This report identifies key opportunities and risks for adopting technological innovations in child displacement programming. Several technological trends are creating opportunities for reaching and assisting vulnerable, hard-to-reach populations, including: increased digital connectivity of displaced populations through mobile devices; the growing reliance on data technologies in aid programming aimed at large, mobility-affected populations; and emerging, potentially disruptive new technologies. Technological innovations also pose new ethical dilemmas, and potential threats to the safety and wellbeing of displaced child.
The report includes the discussion of several case studies, which illustrate Save the Children’s progress in: piloting and scaling new technologies in displacement contexts; successfully adapting existing external technologies to Save the Children’s case-management work-flows; and introducing new data science advancements for improved protracted displacement planning. For example:
- The Protection-Related Information Management (Primero) case management system is an open source software application that permits frontline protection and social welfare workers securely collect, store, manage, and share data for protection-related incident monitoring, case management, and family tracing and reunification. By making data handling easier for frontline protection and social welfare workers, it frees up their time for service provision and promoting improved quality of care. It also fosters accountability, helping supervisors monitor and report on the work of their teams, while helping to generate evidence for programming and policy at national, regional and global levels.
- The “Every Child Learning” EdTech initiative has introduced a new app for supporting Syrian refugee and host community child learning opportunities in Jordan. The math learning app, “Space Hero”, integrates learner-centered design approaches, and permits children to accelerate their learning outside of school hours.
- Save the Children’s Migration and Displacement Initiative (MDI)’s has created a predictive analytics model that forecasts the duration and scale of conflict-induced forced displacement. MDI’s predictive displacement tool has been recently tested in multiple countries where Save the Children is currently supporting children and families affected by mass displacements, including Burundi, Ethiopia, South Sudan, and Mali.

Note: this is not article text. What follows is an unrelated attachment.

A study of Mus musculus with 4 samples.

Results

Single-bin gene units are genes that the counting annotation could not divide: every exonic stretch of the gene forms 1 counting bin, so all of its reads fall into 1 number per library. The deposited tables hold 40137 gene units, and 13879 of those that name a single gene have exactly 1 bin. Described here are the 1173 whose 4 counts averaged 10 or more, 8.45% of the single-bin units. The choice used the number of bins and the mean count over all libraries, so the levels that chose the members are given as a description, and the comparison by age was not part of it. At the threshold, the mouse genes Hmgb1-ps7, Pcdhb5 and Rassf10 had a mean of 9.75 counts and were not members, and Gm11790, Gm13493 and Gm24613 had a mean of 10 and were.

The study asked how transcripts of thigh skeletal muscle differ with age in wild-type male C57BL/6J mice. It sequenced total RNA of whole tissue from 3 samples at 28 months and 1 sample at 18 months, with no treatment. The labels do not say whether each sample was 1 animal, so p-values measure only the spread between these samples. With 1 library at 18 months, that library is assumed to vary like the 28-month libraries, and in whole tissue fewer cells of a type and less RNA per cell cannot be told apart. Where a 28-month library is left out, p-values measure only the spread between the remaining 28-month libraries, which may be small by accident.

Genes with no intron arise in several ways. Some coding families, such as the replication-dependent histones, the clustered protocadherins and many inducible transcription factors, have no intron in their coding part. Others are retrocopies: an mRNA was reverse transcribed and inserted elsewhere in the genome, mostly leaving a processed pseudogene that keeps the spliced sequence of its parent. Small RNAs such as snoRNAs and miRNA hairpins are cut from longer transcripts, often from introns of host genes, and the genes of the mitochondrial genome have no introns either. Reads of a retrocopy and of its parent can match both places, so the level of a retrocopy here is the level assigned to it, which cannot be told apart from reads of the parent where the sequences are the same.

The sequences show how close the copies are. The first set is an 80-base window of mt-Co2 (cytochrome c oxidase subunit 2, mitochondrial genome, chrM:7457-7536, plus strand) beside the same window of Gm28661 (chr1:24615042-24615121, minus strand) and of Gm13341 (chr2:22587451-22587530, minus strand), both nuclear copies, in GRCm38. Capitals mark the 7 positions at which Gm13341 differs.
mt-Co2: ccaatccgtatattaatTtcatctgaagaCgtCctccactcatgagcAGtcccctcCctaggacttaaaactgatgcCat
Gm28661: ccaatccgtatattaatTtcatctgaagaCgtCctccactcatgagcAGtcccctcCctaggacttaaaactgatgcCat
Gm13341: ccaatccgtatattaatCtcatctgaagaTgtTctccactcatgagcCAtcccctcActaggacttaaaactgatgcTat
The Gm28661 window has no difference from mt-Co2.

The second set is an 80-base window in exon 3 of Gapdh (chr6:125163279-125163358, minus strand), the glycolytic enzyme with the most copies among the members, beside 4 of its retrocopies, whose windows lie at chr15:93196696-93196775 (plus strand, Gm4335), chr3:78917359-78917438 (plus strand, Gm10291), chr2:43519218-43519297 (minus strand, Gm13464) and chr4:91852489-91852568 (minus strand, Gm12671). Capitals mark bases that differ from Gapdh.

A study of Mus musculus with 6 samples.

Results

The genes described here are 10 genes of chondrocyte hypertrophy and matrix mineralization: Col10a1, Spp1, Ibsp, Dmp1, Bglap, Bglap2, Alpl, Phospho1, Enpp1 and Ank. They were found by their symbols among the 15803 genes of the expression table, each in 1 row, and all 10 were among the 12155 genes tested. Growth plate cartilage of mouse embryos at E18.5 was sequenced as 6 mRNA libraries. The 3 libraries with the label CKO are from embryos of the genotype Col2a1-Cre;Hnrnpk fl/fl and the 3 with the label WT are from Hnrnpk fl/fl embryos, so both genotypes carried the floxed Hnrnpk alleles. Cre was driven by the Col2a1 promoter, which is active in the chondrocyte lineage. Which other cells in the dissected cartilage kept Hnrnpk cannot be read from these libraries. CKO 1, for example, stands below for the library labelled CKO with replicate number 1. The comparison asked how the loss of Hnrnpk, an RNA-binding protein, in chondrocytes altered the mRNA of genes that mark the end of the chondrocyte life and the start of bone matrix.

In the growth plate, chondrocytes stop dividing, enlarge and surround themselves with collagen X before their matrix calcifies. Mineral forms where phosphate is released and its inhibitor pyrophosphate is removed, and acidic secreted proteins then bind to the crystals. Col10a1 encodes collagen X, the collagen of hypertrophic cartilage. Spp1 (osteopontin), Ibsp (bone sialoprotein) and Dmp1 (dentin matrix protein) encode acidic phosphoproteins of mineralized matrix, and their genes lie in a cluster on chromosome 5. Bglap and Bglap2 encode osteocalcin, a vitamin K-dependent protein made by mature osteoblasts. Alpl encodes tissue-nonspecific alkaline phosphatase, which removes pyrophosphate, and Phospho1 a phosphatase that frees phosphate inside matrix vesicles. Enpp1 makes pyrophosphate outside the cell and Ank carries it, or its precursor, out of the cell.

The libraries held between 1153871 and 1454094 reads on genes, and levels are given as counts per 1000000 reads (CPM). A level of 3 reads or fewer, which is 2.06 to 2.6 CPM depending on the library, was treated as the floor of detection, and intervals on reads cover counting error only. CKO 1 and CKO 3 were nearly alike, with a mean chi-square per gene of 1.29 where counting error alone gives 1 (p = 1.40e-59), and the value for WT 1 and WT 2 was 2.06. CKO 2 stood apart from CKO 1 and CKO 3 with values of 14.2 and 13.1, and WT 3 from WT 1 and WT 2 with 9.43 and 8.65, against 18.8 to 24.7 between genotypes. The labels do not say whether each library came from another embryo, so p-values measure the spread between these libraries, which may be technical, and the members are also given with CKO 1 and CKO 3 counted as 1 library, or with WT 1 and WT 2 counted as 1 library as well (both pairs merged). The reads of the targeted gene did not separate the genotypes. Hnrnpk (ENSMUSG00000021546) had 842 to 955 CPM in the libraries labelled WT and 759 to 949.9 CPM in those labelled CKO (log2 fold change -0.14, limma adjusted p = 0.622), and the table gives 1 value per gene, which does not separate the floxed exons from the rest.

The report outlines five technological domains particularly relevant to child displacement programming innovation. These are:
- Registration and case management: including the use of biometrics to manage the identity of displaced individuals and populations, as well as different software platforms for family tracing and reunification;
- Digital connectivity: leveraging growing mobile phone and internet usage to improve reach and delivery of services to displaced populations;
- Educational technology (EdTech): software and hardware designed for use by children, teachers, parents or facilitators to provide education to hard-to-reach populations, including those that are displaced or on the move;
- Predictive analytics: particularly models drawing from big data for early warning and strategic planning around child displacement; and
- Remote sensing: the use of geographic information systems (GIS), using data from satellites and aircraft, including drones, to monitor mobile populations.
The report outlines a suggested framework for selecting safe, ethical and appropriate technologies within each domain, reflecting core ethical obligations to: (a) ensure that activities are based on the needs of affected populations; (b) maintain minimum standards of organizational competency, capacity, and capability; (c) ensure and encourage the agency of affected populations; (d) identify and minimize adverse effects; (e) promote and protect the dignity of populations by ensuring free and meaningful consent; (f) ensure data privacy and security; (g) strive to reduce future vulnerability and neither degrade nor disrupt local capacity; (h) coordinate, ensure complementarity, and prevent duplication of efforts in designing and implementing activities; and (i) ensure transparency and accountability.
The study then identifies and analyses opportunities and barriers for improving innovation management capacity in migration-mandated organizations, focusing on Save the Children. In Save the Children, the authors highlight the need to strengthen centralized innovation coordination capacity across the organization’s federated structure, to build capacity in key technological skillsets, and to increase the number of long-term innovation management staff positions.
The report identifies a range of ethical risks posed by digital technologies. These include impediments to the displaced child’s right to: (i) access and communicate relevant information during a crisis; (ii) be protected from potential threats and harm resulting directly or indirectly from the use of data; (iii) expect privacy and security of their personal information; (iv) maintain agency over the collection, use and disclosure of personally identifiable information; (v) receive rectification and redress of inaccurate or incomplete personal data. Within this context, the study found that Save the Children does not yet have safeguarding policies and procedures specific to assessing, preventing, and mitigating the new risks, threats, and harms that may come from digital technology.
The report concludes with specific recommendations to improve Save the Children’s use of technological innovations for impact in child displacement programming. It also recommends that Save the Children ensure that its child safeguarding guidance keeps pace with new technologies it adopts for work in child displacement programming.